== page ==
Feb. 4 (Bloomberg) -- Microsoft Corp., Apple Inc., Verizon Communications Inc. and Sprint Corp. are among the companies pledging more than $750 million in computers, software and services to an Obama administration project to give almost all U.S. students access to broadband and wireless technology.
President Barack Obama plans to highlight the commitments, which will be coupled with $2 billion in funding from Federal Communications Commission reserves, during a visit today to Buck Lodge Middle School in the Washington suburb of Adelphi, Maryland, White House officials said.
“The private sector has answered the president’s call,” National Economic Council Director Gene Sperling said of the companies’ participation in Obama’s “ConnectED” program.
The president’s aides framed the new partnership with the companies as part of Obama’s vow to use executive authority and lobby groups with stakes in the issue to bypass Congress to advance his goals. In recent days, he has announced an increase in the minimum wage paid to some federal contractors, a new retirement-account plan for workers, and an agreement from companies to help the long-term unemployed to find work.
Microsoft’s pledge, to provide deep discounts on the price of its Windows operating system for public schools and 12 million free copies of its popular Office software for certain qualifying schools, is one of the most valuable, Sperling said on a conference call last night. Microsoft said its offer of subsidized hardware and software would save schools more than $1 billion, according to a company news release distributed by the White House.
Apple is providing $100 million in iPads, MacBooks, software and support to schools through the program.
“Education is in Apple’s DNA, and we’re passionate about helping inspire students around the world to learn in new ways using our innovative technology, incredible apps, interactive textbooks and customizable tools for teachers,” said Kristin Huguet, an Apple spokeswoman.
AT&T Inc. and Verizon also promised $100 million, with the former providing mobile broadband services and the latter contributing money and in-kind services to expand digital learning initiatives, the White House said in a fact sheet.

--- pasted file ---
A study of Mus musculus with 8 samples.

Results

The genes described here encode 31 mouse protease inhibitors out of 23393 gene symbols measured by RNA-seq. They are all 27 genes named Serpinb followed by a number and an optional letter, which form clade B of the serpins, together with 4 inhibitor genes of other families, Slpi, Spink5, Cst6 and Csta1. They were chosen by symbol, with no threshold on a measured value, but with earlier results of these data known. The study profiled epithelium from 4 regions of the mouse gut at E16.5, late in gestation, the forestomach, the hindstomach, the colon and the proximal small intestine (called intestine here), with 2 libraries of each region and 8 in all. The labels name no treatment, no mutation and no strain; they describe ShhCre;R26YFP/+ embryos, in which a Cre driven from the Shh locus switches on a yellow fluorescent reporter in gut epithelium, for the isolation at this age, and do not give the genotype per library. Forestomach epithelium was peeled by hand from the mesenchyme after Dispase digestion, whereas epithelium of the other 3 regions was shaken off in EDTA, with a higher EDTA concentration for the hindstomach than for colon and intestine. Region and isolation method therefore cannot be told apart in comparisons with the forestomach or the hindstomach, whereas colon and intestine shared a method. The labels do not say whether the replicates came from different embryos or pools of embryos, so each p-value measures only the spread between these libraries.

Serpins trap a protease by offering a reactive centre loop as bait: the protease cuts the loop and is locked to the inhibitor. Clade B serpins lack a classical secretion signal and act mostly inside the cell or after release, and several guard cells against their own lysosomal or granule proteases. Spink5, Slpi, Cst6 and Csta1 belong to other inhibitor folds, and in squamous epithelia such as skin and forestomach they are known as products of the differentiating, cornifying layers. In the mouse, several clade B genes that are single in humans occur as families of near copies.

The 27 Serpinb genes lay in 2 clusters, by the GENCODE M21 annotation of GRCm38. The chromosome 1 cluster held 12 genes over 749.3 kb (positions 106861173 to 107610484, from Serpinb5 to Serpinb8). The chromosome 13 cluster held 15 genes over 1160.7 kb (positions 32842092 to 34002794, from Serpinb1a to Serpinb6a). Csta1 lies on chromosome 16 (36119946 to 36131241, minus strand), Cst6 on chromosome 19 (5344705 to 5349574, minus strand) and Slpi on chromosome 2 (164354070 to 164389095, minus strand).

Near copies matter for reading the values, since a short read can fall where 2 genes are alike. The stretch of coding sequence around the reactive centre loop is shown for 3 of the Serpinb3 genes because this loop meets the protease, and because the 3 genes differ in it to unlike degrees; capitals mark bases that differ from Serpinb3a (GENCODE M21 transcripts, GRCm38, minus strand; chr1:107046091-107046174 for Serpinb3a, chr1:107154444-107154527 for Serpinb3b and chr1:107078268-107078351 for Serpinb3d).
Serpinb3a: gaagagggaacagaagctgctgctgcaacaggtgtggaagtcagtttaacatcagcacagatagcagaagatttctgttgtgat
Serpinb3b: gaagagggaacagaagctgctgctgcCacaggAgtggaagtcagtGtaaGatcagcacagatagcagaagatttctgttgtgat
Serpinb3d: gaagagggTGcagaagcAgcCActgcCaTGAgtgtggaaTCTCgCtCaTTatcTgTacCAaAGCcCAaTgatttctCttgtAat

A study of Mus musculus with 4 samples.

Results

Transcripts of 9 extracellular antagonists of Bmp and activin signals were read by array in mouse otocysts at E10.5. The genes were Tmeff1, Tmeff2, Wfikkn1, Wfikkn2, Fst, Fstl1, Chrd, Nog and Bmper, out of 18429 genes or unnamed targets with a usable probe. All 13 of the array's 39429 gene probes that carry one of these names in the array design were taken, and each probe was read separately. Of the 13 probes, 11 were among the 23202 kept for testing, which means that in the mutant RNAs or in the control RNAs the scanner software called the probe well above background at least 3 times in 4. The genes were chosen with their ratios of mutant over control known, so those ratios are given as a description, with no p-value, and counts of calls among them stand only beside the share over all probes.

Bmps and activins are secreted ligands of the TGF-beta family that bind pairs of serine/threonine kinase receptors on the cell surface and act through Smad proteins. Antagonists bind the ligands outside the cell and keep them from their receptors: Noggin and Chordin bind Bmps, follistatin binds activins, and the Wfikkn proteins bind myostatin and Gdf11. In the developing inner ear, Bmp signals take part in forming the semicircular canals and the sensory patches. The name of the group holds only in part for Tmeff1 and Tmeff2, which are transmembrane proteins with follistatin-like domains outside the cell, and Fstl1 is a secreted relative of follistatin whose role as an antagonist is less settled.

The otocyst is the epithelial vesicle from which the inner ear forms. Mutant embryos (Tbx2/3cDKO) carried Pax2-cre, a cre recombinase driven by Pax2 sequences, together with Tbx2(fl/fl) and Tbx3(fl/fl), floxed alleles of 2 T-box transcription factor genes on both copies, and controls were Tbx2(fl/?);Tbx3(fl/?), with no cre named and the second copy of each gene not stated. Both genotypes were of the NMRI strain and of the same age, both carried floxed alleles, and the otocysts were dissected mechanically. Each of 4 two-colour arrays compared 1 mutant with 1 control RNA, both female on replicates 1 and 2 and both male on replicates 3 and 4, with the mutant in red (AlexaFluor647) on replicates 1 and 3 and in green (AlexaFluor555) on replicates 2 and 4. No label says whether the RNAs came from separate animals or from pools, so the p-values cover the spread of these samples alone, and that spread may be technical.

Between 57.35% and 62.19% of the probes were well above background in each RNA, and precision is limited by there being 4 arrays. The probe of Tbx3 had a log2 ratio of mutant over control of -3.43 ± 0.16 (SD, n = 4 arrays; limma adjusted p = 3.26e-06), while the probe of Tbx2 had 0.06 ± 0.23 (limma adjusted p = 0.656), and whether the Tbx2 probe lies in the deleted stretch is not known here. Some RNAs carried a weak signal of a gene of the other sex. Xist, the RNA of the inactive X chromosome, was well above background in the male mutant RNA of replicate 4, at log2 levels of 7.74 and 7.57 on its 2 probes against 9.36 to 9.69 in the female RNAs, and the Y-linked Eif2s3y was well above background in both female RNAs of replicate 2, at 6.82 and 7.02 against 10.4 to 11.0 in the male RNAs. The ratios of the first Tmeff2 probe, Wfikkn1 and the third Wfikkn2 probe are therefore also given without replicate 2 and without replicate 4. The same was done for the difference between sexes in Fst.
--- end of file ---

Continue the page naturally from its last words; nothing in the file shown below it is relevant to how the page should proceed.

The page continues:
Sprint plans to provide wireless service for as many as 50,000 low-income high school students in the next four years, according to the White House. Autodesk Inc., which provides engineering and design software, and technology publication company O’Reilly Media Inc. also made pledges to the program.
“This initiative will build on the efforts of today’s most innovative tech companies to help make our nation’s children better students, problem solvers, creative thinkers, and future leaders,” Dan Hesse, Sprint’s chief executive officer, said in a statement.
Sprint’s four-year commitment begins Sept. 1, the company said. Microsoft said its education offer begins immediately, according to a company statement.
Obama announced the goal of connecting 99 percent of American students to high-speed Internet service within the next five years last June.
Cecilia Munoz, the chairwoman of Obama’s Domestic Policy Council, said the introduction of technology to classrooms combats a serious challenge in education: “boredom.”
“We think good education technology can really advance great teaching,” Munoz said on the conference call.
Sperling said the companies “have recognized the compelling national need” for children to have “a world of learning at their fingertips.”
An existing program known as E-Rate, which helps pay for connections through a tax on a portion of subscribers’ telephone bills, provides $2.4 billion annually and has connected virtually all U.S. schools and libraries to basic Internet, according to the FCC.
The agency said yesterday it would invest an additional $2 billion over the next two years to connect 20 million students in at least 15,000 schools to high-speed Internet connections.